Dan Povenmire is perhaps best known as the co-creator of the Disney Channel smash hit Phineas and Ferb. Though born in California, he was raised in Mobile, Alabama, where he discovered the joys of drawing and movie-making. He went to the University of South Alabama and USC School of Cinematic Art before embarking on a busy career as a writer, television director, producer, storyboard artist and actor. He’s worked on some of the biggest animated series of our time, including The Simpsons, Rocko’s Modern Life, SpongeBob SquarePants, Hey Arnold, and Family Guy, for which he was nominated for an Annie in 2005. He’s been nominated for ten Emmys in four different categories, including songwriting and voiceover performance, and won one for his writing. (We profiled Dan at greater length here.)
I spoke to Dan this week about Phineas and Ferb‘s genesis and why Bullwinkle Moose would be the ultimate weapon in the event of a zombie apocalypse.
Charles Arrowsmith: You and Jeff (“Swampy”) Marsh were pitching Phineas and Ferb on and off from the early 90s until Disney picked it up in 2007. What would a mid-90s Phineas and Ferb have looked like? Has its evolution been affected by the projects you’ve worked on, from The Simpsons onwards?
Dan Povenmire: I think Phineas would have looked almost identical, but it would have felt different. Swampy and I were reacting to all the shows that were on the air at the time in which every single character was either a jerk or an idiot so, just to be contrary, we made a decision to do a show in which everyone is smart and none of the characters were actually jerks. I don’t know that we would have made that same decision had we done it earlier in our careers or that we would have had the confidence to stand by that decision. Comedy is a lot harder to do if you don’t go to the mean place. The cheapest laugh you can get is an insult or snarky comment, so if you take that off the table you have to write smarter.
CA: Both Phineas and Ferb and the Family Guy episodes you directed in the show’s early years are well known and loved for their musical numbers. Where haven’t you taken the show, musically? What’s still on your iPod yet to be pastiched?
DP: We’ve never really done a salsa number, but maybe that’s because my wife is Latin and I would’ve been intimidated by her knowledge of what salsa is supposed to sound like… and thank you for using “pastiched” in a sentence.
CA: Phineas and Ferb exist defiantly and triumphantly in two dimensions. What’s the state of the art in animation? Looking through the list of all-time highest-grossing animated movies, with the exception of The Lion King all the big hitters are computer-animated; is there still space for classic animation on the big screen?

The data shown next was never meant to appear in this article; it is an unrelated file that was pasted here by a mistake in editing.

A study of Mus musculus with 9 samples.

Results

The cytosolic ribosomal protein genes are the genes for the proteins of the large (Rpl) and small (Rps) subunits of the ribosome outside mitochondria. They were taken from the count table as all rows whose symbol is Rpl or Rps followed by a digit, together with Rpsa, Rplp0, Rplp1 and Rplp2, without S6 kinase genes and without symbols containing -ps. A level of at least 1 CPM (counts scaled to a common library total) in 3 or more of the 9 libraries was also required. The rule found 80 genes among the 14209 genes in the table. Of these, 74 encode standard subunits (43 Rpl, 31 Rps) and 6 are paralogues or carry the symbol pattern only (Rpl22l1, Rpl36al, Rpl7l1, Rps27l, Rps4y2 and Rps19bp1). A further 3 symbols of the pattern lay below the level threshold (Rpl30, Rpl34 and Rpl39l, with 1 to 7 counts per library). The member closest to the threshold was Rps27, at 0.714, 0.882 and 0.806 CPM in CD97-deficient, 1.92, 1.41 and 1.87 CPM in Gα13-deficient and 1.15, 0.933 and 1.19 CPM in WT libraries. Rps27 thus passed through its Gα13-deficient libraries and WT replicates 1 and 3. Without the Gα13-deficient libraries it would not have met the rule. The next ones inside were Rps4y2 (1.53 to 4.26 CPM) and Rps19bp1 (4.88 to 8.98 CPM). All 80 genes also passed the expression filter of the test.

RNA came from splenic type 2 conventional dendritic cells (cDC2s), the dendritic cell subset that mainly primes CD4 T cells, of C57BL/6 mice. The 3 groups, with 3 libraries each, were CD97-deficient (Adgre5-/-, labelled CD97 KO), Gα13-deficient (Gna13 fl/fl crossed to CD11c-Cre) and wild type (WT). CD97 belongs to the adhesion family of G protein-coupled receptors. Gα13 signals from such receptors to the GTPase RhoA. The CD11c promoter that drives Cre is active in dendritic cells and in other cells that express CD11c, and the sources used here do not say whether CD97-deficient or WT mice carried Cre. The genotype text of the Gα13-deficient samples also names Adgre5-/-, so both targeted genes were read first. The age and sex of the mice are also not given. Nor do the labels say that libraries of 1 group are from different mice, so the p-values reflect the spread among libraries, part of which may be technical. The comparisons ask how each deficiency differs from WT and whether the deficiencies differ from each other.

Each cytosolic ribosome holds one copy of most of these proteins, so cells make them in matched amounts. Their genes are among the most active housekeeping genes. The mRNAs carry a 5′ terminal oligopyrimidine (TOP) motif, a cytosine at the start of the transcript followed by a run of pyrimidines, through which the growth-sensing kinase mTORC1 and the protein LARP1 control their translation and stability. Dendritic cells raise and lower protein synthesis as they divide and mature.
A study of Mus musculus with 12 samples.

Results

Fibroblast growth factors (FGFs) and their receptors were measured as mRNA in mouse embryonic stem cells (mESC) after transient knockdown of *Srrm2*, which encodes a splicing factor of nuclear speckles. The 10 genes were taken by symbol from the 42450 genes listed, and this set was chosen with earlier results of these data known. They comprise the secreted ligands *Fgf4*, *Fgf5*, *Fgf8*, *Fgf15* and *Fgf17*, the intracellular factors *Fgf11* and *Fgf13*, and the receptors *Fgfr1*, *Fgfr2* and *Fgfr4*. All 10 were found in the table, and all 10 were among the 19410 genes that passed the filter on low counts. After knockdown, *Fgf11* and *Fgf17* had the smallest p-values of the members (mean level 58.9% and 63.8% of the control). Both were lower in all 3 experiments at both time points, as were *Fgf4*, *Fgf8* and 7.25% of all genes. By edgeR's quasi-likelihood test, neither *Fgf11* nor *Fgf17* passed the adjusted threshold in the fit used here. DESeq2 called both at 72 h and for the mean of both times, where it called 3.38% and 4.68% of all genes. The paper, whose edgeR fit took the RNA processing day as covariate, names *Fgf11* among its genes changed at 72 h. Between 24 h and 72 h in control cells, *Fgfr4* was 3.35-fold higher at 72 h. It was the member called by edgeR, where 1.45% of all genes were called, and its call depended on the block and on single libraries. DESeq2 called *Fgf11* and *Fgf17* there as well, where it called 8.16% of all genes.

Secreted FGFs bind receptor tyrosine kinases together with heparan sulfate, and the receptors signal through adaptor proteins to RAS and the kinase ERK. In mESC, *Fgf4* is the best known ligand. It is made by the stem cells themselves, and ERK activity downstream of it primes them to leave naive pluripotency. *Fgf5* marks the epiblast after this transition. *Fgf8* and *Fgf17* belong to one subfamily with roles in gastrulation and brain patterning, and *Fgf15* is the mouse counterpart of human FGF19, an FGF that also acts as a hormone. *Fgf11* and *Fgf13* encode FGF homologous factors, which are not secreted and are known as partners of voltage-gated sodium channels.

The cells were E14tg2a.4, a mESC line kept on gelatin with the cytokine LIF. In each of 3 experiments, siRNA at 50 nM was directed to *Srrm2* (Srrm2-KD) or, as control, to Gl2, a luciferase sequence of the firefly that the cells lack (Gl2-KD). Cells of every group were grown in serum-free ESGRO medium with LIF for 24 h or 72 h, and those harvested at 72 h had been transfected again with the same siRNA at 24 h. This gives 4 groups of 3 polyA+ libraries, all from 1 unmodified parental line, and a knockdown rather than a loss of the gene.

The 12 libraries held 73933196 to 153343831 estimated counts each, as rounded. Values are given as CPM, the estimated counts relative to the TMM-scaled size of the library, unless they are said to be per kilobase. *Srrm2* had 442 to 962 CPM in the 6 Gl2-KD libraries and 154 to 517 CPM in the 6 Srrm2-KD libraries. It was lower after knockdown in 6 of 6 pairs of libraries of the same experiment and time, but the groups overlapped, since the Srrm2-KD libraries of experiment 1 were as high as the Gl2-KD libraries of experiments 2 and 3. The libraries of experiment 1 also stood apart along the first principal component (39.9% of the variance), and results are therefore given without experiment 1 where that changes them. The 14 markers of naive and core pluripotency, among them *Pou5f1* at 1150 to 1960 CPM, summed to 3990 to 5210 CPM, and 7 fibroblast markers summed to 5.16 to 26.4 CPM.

DP: Yes, 2D is alive and well and living on TV. I think if you were to adjust the grosses of all the animated features for what a ticket cost at the time of their releases, you might find that list to be quite different. Right now there is a feeling in features that 2D is dead because there hasn’t been a big 2D hit in a long while. Eventually someone will make a really engaging 2D movie that becomes a big hit and then everyone will say “It’s so retro!” and suddenly people will want to make them again. I love animation in all its forms, just give me a good story with strong characters.
CA: If you could rescue only five examples of the art of animation in the event of (inevitable?) zombie apocalypse, what would they be?
DP: A boxed set of all the Chuck Jones Looney Tunes shorts, a boxed set of all of Miyazaki’s films, Aladdin, and Tangled… and a 24-inch pewter sculpture of Bullwinkle Moose, because I could hit zombies with it, and I think those antlers would do some damage.
CA: What are the last three books you read?
DP: I re-read The Stand by Stephen King recently, which is one of my favorites. Other than that it was two books that I didn’t even like, so I don’t want to tell you the names (I wouldn’t have even finished one of them but it was an audiobook and it was either that or the radio, so…) How about this? Other than The Stand, there are only two books I’ve read twice: Replay by Ken Grimwood, and Memoirs Of An Invisible Man by H. F. Saint.
CA: Thanks, Dan!
If you’ve never seen Phineas and Ferb, you can watch loads of it on YouTube. Here’s the amazing Star Wars episode they did:
“Hey, Ferb! I know what we’re doing on November 17!”